Title of ArticleCurriculum design for person-centredness: mindfulness training within a bachelor course in nursing
Type of ArticleSpecial Issue Paper
Author/sTheo Niessen and Gaby Jacobs
ReferenceVolume 5, Special Issue on Person-centredness, Article 2
Date of PublicationSeptember 2015
KeywordsMindfulness, mixed-methods research, students, person-centred nursing, professional learning

Background: In the academic year 2013/14 the Faculty of Nursing of Fontys University of Applied Sciences agreed on a new first-year course in person-centred nursing, based on the framework of person-centred nursing by McCormack and McCance (2006; 2010). This programme’s components included a group project and presentation, problem-based learning sessions, interactive skills training and mindfulness training. The 400 first-year students received four weeks of intensive training in mindfulness with eight biweekly meetings lasting one-and-a-half hours each.

Aims and objectives: This article provides an evaluation of this intensive four-week pilot training for the first cohort of 201 students, with the aim of assessing whether the use of mindfulness is suitable to cultivate relevant nursing ‘prerequisites’ for person-centred nursing.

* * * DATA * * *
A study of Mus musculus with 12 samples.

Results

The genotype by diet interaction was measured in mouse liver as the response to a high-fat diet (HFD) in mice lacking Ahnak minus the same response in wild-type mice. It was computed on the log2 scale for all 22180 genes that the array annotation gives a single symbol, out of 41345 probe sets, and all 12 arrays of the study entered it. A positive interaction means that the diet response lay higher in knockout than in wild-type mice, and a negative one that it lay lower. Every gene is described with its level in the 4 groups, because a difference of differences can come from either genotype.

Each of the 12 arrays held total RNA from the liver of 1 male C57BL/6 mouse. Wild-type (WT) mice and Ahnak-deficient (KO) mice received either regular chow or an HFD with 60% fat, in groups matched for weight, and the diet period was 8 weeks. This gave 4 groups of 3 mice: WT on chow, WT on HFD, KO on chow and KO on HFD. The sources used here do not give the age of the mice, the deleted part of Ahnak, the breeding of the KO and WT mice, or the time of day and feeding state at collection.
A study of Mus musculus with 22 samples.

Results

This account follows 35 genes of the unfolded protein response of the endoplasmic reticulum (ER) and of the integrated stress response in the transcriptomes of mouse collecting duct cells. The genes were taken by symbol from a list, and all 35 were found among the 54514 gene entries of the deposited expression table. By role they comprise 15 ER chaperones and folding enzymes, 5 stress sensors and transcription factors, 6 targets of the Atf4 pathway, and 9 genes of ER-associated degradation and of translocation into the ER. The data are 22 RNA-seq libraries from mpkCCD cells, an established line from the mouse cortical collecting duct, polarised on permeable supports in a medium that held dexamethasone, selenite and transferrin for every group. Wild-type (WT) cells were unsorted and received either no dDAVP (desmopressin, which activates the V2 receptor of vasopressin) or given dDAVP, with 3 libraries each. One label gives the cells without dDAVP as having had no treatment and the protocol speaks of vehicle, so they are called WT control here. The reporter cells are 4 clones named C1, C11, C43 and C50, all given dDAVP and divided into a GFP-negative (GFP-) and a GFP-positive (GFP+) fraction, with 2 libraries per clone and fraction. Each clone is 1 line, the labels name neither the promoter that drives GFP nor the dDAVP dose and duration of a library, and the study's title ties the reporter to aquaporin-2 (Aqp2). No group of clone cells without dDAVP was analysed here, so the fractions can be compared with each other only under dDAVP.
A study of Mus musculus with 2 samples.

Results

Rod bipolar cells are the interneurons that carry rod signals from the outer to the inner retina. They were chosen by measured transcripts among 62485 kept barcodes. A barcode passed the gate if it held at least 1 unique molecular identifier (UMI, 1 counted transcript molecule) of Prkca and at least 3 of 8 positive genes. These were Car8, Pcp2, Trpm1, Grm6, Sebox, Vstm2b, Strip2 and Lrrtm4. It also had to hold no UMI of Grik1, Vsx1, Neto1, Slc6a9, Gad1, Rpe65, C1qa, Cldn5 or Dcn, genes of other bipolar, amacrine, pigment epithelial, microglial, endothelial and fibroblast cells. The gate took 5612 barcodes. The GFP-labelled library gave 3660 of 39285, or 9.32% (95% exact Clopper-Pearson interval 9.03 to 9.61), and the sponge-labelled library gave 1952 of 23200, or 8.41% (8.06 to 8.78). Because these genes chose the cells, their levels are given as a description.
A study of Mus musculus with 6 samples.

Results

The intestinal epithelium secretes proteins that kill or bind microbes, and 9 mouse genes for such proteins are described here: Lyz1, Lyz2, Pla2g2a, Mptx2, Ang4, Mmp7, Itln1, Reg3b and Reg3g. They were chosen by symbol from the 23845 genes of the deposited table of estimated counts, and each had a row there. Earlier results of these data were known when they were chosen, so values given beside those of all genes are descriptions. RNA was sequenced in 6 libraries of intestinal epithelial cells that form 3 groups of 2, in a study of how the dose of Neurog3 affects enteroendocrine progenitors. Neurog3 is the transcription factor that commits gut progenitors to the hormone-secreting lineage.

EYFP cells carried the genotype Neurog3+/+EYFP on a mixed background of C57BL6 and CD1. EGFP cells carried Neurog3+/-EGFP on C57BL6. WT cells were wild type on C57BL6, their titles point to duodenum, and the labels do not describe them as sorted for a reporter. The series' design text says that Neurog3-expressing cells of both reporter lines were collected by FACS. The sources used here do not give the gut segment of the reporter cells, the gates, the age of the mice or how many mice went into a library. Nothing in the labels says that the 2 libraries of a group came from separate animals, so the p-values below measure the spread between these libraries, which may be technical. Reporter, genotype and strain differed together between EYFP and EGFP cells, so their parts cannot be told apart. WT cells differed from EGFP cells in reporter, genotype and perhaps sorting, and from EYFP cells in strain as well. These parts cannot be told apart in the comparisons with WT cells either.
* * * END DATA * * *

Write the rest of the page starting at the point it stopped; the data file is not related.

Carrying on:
Conclusions: A strength of the present study was that it was a ‘real life study’ within the curriculum of first-year nursing students. The screening of the self-reflection reports revealed that the mindfulness training had positive effects on self-reflection, self-insight and self-care. The interviews with the mindfulness trainers and the focus group raised a number of issues and ideas for future development and implementation of the mindfulness training.

Implications for practice: The value of this study lies in its contribution to linking the development of the person-centred attributes of the nurse and the skill of mindfulness. Moreover, issues are identified relating to the qualifications of those providing mindfulness training, whether mindfulness is best introduced in the first year or later years, and group pressure among students.